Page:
So, I've been thinking about the relationship between science and religion. They seem to be very much at odds; the science-minded among us seem to think that the faith-minded among us are very naive and backward and stupid, while the religious, apart from being very frightened of the science-minded, seem to be content to ignore and belittle their cold and colorless stance. Yet I am noting, perhaps in both camps, at least among the more intellectual circles, a growing interest in finding some kind of common ground. Look at http://www.edge.org - a very anti religious site, which is seeming to come a bit toward a softer stance.
I've been thinking that it would be nice if the two could come to terms in a way that was not insulting either to science or religious orthodoxy. Yes, that's right, religious orthodoxy. When a fundamentalist says that the earth is 6000 years old, this is insulting to science. When Richard Dawkins says "And I am optimistic that this final scientific enlightenment will deal an overdue deathblow to religion and other juvenile superstitions" and writes books called "The God Delusion," this is insulting to religion. Yet it is equally insulting to both to think that we can find some vapid happy medium. I can't stand these overly simplified compromises; truth is a very singular thing.
It is the wrong question to ask, is science right, or is religion right? Is there some middle ground? Maybe God caused evolution? I am always irritated and bored by these discussions regardless of your perspective. Who cares if religion or science is right? I don't. I care what is TRUE. People always seem to snicker and shake their heads when I bring this up, as if I am a naive child - the TRUTH is an impossible standard to obtain. In the REAL world we have science and religion. The true thought leaders in these fields were not pioneered by such cowardly thinking; they were pioneered by people who believed in and sought truth. A wreckless and fearless abandonment to the pursuit of truth is the only thing that will really carry the day.
Let's consider this: what options are available to us, here in the 21st century, to interpret and understand the world? We have science, which believes (yes - BELIEVES) that the universe sprang into existence uncaused, and that life arose purely by the lucky kiss of chance plus time. I think we should all step back and look with honesty, and say, this is absurd. It's OK, it is absurd. Science shoots itself in the foot and loses its credibility when it refuses to admit its weaknesses.
Now, let's consider the considerably murkier waters of religion and metaphysics. The religious believe that an invisible super-intelligent being somehow masterminded all of existence, but remains so elusively invisible that we debate about whether or not He even exists.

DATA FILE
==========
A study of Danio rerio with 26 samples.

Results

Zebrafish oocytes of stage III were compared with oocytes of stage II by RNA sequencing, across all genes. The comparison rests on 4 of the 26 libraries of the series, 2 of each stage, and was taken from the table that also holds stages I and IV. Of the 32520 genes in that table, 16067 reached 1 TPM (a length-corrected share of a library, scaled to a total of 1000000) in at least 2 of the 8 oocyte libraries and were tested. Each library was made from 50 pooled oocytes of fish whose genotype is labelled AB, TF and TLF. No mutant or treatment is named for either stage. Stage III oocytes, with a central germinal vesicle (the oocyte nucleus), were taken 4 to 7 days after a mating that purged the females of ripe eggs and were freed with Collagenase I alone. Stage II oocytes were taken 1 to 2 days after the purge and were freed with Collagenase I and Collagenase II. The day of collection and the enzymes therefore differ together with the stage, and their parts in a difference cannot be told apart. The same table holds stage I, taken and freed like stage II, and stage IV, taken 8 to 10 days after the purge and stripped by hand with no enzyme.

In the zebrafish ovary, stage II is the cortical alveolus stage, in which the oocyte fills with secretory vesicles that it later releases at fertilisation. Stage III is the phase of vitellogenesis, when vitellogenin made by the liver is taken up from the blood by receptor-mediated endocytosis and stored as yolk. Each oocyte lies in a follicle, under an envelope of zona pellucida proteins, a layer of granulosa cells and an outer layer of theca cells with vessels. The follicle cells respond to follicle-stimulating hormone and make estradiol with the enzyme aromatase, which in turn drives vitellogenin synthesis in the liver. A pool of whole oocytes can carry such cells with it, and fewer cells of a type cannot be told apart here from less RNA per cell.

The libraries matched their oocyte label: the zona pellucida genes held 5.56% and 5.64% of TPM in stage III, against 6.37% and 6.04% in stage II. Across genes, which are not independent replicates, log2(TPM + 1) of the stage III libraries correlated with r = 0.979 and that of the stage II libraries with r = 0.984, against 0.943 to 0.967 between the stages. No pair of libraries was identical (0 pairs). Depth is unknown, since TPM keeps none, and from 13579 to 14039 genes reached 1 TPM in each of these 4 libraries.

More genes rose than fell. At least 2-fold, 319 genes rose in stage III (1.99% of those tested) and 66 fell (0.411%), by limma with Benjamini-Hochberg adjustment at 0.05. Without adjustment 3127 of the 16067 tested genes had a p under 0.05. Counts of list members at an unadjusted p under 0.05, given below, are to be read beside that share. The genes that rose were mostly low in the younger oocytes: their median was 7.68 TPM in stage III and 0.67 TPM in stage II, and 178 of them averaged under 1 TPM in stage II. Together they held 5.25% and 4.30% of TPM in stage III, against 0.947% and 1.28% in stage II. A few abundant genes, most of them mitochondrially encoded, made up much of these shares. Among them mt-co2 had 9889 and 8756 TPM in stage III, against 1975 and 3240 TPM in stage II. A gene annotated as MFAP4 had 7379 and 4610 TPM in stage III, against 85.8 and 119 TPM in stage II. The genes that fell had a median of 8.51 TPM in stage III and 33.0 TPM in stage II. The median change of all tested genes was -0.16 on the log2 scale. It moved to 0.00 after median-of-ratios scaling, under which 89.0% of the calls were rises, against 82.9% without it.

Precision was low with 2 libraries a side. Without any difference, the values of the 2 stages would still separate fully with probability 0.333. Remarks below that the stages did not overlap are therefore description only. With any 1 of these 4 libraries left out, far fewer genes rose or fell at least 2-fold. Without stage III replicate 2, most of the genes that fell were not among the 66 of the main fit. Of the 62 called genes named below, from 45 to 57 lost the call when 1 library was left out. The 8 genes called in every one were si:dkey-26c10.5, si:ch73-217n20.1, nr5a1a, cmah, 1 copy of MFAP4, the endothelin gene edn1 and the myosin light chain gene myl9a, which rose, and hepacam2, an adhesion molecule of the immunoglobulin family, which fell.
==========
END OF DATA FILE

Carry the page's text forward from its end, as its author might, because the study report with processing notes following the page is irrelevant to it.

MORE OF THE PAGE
Then there are the agnostic among us, who pretend that it doesn't matter and we can't know and perhaps shouldn't pursue this. The strange and mystic thing here is that almost no one really believes this; we all strive to know the answers to these things; we maintain an insatiable curiosity. This is in itself a huge clue to me.
So, no matter what, we are shut up to believing in something which is patently absurd. There is no choice. Life is huge and beautiful and tragic and crazy and impossible to explain. Science is inadequate and religion is just... WILD!
One of the things I love about my faith is that it directly embraces this patent mystery; it demands faith right up front. It out and out admits that it demands belief in outrageous things. This does not make it true, by the way, don't think I am saying that. But it does say things like, God exists, God became a man, that that man's chief play for power was to die, even that somehow God wrote a book, things like that. The religious believer should not and cannot shy away from the fact that he believes in things that are shocking and outrageous.
However, does this mean, that in seeking truth, we only believe the shocking and therefore science is all wrong? How could that possibly be TRUE? Are we to throw all sense out the window? That would be just a little too black and white and simple to really explain the world, wouldn't it? Just as reason alone cannot explain or color existence, so faith alone cannot only guide us. Perhaps God has created nature and given us minds. The scriptures, in all of their admitted strangeness and also their beauty, do not really advocate a 6000 year-old universe or any such thing.
I want to go back to something I said earlier. Religion, and not only religion, but religious ORTHODOXY, is crucial to our pursuit of truth, because if there is a God, surely that God can speak to the humanity He created, and He could speak to people all through the history of mankind. If it is not old religion, it is not ancient wisdom, it seems not to be as good. That is why I say, science and religious ORTHODOXY need to come to terms with their own patent absurdities and their own strengths and come to a place where they are set together without insult in the pursuit of the actual truth which is there.